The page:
The first goal of a telesales/telemarketing call is to speak with the prospect who will be the most captured, swayed and motivated by your message (for our purposes today’s message is about digital contact management). This prospect will understand the business pain that the solution will resolve and have some authority or influence in the budgeting process. Common titles that meet this criterion include IT Director, Operations Director or anyone who would benefit from the solution but is the leader/director of the department or division, also known as the dream prospect (i.e., target contact).
With this individual your message is being heard and understood. As a result the prospect is able to champion your product as “the solution we desperately need”. This prospect is the clear winner, but you may not always be so fortunate to reach this person on the first try. Sometimes you may have to present to someone who understands the solution but does not have budgetary influence or vice versa. This may be an issue of the list you have or that you are following up with everyone who stopped by your booth at a tradeshow.
In the event that you can’t reach a prospect of dream status you must present to the prospect you have, which may mean starting at the bottom. We have a policy: No prospect left behind; many diamonds have been found in the rough.
Bottom of the chain strategies:
The idea here is that the message goes up the chain of command, not down (similar to complaints). Pitch your way to the top. The burning question is how does this relate to an objection? And, more specifically the budget objection. Often, when a prospect does not understand the benefit of the solution you will hear the budget objection. Why? Most people can’t argue with a budgetary limitation and that is the quickest way to get you off the phone. After all, you aren’t giving away your solution for free.
Prospect gives budgetary objection, but you suspect he does not truly understand the benefit of the solution: Tell your prospect that while budget may be an area to tackle down the line, your concern is ensuring that they understand how digitizing their customer database will remove the paper-mess management aspect of his daily routine, which is currently keeping him from running his reports on time and often keeps him in the office past closing.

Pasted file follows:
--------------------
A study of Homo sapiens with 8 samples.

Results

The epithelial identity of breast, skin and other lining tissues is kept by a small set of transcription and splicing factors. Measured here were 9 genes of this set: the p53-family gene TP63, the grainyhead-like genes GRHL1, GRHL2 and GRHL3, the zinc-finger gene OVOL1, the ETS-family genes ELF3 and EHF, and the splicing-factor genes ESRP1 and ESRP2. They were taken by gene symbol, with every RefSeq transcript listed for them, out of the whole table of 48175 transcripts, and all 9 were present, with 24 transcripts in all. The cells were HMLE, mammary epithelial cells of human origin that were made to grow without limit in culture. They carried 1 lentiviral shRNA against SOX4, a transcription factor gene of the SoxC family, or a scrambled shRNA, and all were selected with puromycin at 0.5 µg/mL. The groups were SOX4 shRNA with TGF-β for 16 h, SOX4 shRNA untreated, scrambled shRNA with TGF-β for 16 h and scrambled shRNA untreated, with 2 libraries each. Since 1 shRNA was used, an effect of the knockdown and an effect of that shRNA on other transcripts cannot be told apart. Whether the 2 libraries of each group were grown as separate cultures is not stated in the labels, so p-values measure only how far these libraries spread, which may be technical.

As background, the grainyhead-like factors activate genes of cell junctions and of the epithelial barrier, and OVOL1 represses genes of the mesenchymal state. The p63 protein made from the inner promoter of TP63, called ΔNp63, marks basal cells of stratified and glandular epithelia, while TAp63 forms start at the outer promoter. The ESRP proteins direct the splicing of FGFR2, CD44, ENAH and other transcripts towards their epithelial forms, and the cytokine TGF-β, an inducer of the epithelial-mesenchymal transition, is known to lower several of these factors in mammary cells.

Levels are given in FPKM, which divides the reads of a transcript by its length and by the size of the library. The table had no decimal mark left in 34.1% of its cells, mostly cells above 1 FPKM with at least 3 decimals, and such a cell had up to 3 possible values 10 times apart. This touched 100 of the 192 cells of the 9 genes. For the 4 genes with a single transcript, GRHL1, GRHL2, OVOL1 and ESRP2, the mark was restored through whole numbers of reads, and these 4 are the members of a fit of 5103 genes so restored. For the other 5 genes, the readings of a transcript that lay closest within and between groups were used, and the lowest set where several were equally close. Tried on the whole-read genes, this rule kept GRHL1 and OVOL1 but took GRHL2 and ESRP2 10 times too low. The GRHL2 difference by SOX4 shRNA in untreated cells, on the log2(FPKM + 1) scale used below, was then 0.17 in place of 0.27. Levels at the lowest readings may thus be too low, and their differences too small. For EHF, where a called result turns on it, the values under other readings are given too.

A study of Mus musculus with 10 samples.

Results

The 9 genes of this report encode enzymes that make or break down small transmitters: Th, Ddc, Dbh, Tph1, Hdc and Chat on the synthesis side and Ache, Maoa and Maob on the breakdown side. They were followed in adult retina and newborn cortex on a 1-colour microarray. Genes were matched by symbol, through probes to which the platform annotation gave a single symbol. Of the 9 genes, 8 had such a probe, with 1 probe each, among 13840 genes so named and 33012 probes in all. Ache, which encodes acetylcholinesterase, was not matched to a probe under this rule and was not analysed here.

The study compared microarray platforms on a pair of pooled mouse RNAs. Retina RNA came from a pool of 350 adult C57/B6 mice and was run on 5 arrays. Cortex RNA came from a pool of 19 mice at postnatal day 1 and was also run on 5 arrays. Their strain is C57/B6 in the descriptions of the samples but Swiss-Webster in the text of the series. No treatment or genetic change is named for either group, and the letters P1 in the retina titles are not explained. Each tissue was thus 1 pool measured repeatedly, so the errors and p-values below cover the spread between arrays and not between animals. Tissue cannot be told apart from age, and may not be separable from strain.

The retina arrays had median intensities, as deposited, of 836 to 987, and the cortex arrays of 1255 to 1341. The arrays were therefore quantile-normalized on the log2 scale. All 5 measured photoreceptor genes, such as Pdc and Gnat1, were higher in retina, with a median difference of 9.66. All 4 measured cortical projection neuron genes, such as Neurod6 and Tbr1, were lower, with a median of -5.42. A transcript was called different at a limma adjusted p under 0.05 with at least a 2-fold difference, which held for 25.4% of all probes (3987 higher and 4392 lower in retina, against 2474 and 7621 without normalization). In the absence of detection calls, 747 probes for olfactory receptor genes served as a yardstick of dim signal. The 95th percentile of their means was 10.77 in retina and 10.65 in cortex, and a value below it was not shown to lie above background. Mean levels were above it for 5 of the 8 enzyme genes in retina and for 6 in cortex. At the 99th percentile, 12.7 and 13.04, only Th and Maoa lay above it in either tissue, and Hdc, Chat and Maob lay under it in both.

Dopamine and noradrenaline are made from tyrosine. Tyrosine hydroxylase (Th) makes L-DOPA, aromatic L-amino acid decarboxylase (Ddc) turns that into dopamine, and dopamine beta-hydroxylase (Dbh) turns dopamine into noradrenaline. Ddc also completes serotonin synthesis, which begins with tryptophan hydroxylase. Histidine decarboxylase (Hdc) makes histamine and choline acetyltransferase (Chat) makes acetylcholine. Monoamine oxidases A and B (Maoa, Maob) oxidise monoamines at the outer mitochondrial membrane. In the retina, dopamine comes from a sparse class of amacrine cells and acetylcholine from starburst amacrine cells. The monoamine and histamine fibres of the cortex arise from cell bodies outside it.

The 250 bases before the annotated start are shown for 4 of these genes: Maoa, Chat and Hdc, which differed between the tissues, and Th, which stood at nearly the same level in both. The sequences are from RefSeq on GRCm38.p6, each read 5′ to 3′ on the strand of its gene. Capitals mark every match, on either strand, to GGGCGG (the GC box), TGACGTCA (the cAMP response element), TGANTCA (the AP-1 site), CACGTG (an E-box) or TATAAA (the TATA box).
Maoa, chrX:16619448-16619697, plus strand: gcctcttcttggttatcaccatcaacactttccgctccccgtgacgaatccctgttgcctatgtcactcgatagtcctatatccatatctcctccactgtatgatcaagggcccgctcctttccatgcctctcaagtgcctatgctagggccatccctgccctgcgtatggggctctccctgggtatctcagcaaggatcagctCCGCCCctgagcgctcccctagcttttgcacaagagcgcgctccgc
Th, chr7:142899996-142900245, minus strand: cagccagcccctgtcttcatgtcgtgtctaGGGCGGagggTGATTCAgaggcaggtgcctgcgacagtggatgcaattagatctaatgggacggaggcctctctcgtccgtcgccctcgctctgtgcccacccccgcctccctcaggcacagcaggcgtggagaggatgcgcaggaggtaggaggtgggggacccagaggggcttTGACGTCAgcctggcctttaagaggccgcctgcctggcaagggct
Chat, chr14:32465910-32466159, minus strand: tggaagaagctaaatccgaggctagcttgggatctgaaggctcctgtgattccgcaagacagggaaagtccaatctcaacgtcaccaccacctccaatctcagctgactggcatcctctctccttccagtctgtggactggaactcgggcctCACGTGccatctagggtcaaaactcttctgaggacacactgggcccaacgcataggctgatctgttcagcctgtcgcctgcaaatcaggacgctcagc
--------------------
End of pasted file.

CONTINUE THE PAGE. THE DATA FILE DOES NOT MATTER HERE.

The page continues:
The key here is not to assume that you are being given this objection just to rush you off the phone. If you are told that budget is an issue and continue to pitch, you may be closing the door on your own foot not to mention making yourself an annoying orange. To avoid this blunder, ask when planning will be done for the next quarter or fiscal year. If you get the old, “I’m not sure” then you can assume they are simply putting you off. If they give you a timeframe, by all means continue.
Prospect does not have budgetary involvement: pitch to the pain they are experiencing and how the solution will meet their needs. Give them the cost-benefit info that you want them to pass on to their superior. Ask for the name of that superior and follow up.
Prospect only has budgeting involvement (e.g. CFO): explain how much their situation without the solution costs them, “Without a digital prospect management system your workforce spends 2 hours every day just organizing, filing and managing paper.” If you get “buyoff” from the CFO you can ask for a referral back down the chain to the prospect who will understand the company’s pain. Nothing starts off a call better than, “I was referred to you by John Smith, your CFO. He is interested in X solution and asked me to contact you.” You’d better believe you’ve got their attention now.
Stay tuned next week for…Budgets: The Almost Deal Breakers.